New evidence in Ukraine journalist’s murder

File photo. People hold placards reading: 'Pavel Sheremet, two years, killers still not punished!' during a rally at the site of his death in Kyiv, Ukraine, 20 July 2018. [Sergey Dolzhenko/EPA/EFE]

Police in Ukraine have received new evidence that may help identify those who ordered the murder of award-winning investigative journalist Pavel Sheremet in 2016.

“The documents and audio recordings, the last of which are dated by 2012, are already at the disposal of the investigation,” the police said in a statement.

Fragments of these recordings published on the Internet contain the voices of “unidentified persons discussing the murder” of Sheremet, including the option of poisoning him, the statement added.

The National Police also said they had received permission to conduct an investigation in an EU country, but did not specify which one.

Parts of the audio recording were released by Belarus opposition Telegram channel Nexta Live, which claims that one of the voices is that of former Belarusian KGB chief Vadim Zaytsev. Zaytsev headed the secret service in 2008-2012.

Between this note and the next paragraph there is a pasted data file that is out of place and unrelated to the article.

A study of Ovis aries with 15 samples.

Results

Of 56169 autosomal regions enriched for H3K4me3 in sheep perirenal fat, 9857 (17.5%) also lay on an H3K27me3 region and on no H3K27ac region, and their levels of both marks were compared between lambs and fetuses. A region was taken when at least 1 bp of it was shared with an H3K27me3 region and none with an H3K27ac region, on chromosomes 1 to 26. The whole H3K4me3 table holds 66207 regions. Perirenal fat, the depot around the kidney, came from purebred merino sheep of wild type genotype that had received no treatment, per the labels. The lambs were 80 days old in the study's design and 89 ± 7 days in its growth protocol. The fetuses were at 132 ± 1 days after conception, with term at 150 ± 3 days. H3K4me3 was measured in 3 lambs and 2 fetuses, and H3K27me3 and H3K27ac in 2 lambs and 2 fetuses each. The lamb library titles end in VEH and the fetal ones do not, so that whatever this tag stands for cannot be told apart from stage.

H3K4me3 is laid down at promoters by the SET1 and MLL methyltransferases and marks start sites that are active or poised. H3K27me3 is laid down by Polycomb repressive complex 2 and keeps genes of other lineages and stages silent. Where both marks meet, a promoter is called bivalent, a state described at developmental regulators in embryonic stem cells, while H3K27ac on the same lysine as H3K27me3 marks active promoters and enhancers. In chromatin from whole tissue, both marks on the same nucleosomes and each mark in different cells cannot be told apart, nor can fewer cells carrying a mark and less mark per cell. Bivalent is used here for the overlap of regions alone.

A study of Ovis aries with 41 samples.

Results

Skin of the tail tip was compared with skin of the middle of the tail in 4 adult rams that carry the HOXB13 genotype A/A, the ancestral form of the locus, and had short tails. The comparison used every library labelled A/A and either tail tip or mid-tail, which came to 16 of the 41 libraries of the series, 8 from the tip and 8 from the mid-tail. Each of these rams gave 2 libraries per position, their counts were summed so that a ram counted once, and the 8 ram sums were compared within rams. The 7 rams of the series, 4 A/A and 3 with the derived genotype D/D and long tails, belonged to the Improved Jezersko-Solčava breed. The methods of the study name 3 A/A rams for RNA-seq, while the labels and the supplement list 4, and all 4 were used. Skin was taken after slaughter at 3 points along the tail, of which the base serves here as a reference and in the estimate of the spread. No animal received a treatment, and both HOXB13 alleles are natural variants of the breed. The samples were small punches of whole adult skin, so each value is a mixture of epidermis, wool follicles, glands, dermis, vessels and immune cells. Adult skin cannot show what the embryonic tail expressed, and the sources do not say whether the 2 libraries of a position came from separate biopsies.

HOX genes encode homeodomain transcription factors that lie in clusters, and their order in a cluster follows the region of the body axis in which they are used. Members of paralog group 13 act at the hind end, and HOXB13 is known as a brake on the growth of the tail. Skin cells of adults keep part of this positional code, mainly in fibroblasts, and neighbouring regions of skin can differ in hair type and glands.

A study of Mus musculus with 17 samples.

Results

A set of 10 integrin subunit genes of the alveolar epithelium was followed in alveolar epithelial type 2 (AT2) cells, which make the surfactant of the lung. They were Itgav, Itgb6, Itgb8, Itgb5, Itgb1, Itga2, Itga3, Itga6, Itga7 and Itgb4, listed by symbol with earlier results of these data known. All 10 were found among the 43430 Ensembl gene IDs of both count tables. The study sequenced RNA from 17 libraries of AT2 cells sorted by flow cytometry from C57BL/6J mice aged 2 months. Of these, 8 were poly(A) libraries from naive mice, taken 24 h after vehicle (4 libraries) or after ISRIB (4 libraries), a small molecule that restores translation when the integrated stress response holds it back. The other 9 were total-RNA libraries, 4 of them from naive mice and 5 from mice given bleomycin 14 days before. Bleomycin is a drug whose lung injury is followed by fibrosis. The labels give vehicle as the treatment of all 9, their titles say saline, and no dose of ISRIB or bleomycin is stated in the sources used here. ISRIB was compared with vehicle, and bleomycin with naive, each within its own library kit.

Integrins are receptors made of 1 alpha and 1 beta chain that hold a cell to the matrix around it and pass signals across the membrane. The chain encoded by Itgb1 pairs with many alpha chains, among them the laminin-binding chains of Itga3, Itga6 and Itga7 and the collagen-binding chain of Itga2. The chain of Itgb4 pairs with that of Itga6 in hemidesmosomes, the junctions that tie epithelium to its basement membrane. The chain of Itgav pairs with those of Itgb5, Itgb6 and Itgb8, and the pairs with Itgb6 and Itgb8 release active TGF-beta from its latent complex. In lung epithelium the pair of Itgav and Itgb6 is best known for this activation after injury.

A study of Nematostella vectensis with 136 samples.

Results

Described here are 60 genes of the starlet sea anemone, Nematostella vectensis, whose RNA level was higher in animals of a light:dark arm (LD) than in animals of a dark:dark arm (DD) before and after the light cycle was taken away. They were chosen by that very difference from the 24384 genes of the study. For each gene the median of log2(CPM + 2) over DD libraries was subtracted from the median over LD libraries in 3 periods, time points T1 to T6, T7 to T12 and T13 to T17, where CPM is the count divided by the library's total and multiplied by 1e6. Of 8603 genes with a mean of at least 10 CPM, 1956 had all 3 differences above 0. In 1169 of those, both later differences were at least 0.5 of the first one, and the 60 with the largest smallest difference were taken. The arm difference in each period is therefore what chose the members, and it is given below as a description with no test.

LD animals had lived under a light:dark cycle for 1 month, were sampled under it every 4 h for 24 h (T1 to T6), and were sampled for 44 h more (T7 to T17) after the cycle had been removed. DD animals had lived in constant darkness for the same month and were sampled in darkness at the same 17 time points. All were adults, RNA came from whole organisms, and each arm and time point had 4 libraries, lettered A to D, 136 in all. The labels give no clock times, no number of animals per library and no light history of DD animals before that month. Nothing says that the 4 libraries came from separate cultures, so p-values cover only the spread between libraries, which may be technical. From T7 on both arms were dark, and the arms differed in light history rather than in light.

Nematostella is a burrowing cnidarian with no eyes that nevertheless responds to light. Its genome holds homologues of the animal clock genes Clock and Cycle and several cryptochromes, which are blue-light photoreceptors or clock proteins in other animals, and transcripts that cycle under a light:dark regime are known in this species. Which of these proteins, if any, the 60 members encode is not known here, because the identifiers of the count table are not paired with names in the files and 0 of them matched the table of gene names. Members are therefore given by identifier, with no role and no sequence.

Sheremet was killed on 20 July 2016 when a bomb planted in his car exploded during the morning rush hour in Kyiv.

Pro-Western journalist killed in Kyiv car bomb

A car bomb in Kyiv today (20 July) killed a pro-Western reporter from a news site, whose founder was beheaded 16 years ago after probing the alleged crimes of Ukrainian leaders.

Five suspects were detained in December over the killing, but Sheremet’s supporters have expressed increasing discontent about the investigation.

A Russian national who was born in ex-Soviet Belarus, Sheremet worked for a top TV channel in Russia, but quit the country in 2014, the year Russia annexed Crimea.

He started working in Kyiv for Ukrainska Pravda, a popular online newspaper whose founder Georgiy Gongadze.

Gongadze himself was kidnapped and murdered in 2000 after investigating the alleged government corruption.

In 1998, Sheremet’s earlier work in his native Belarus was honoured by the US-based Committee to Protect Journalists in their International Press Freedom Awards.

And in 2002, he received an award for his journalism from the Organization for Security and Cooperation in Europe (OSCE).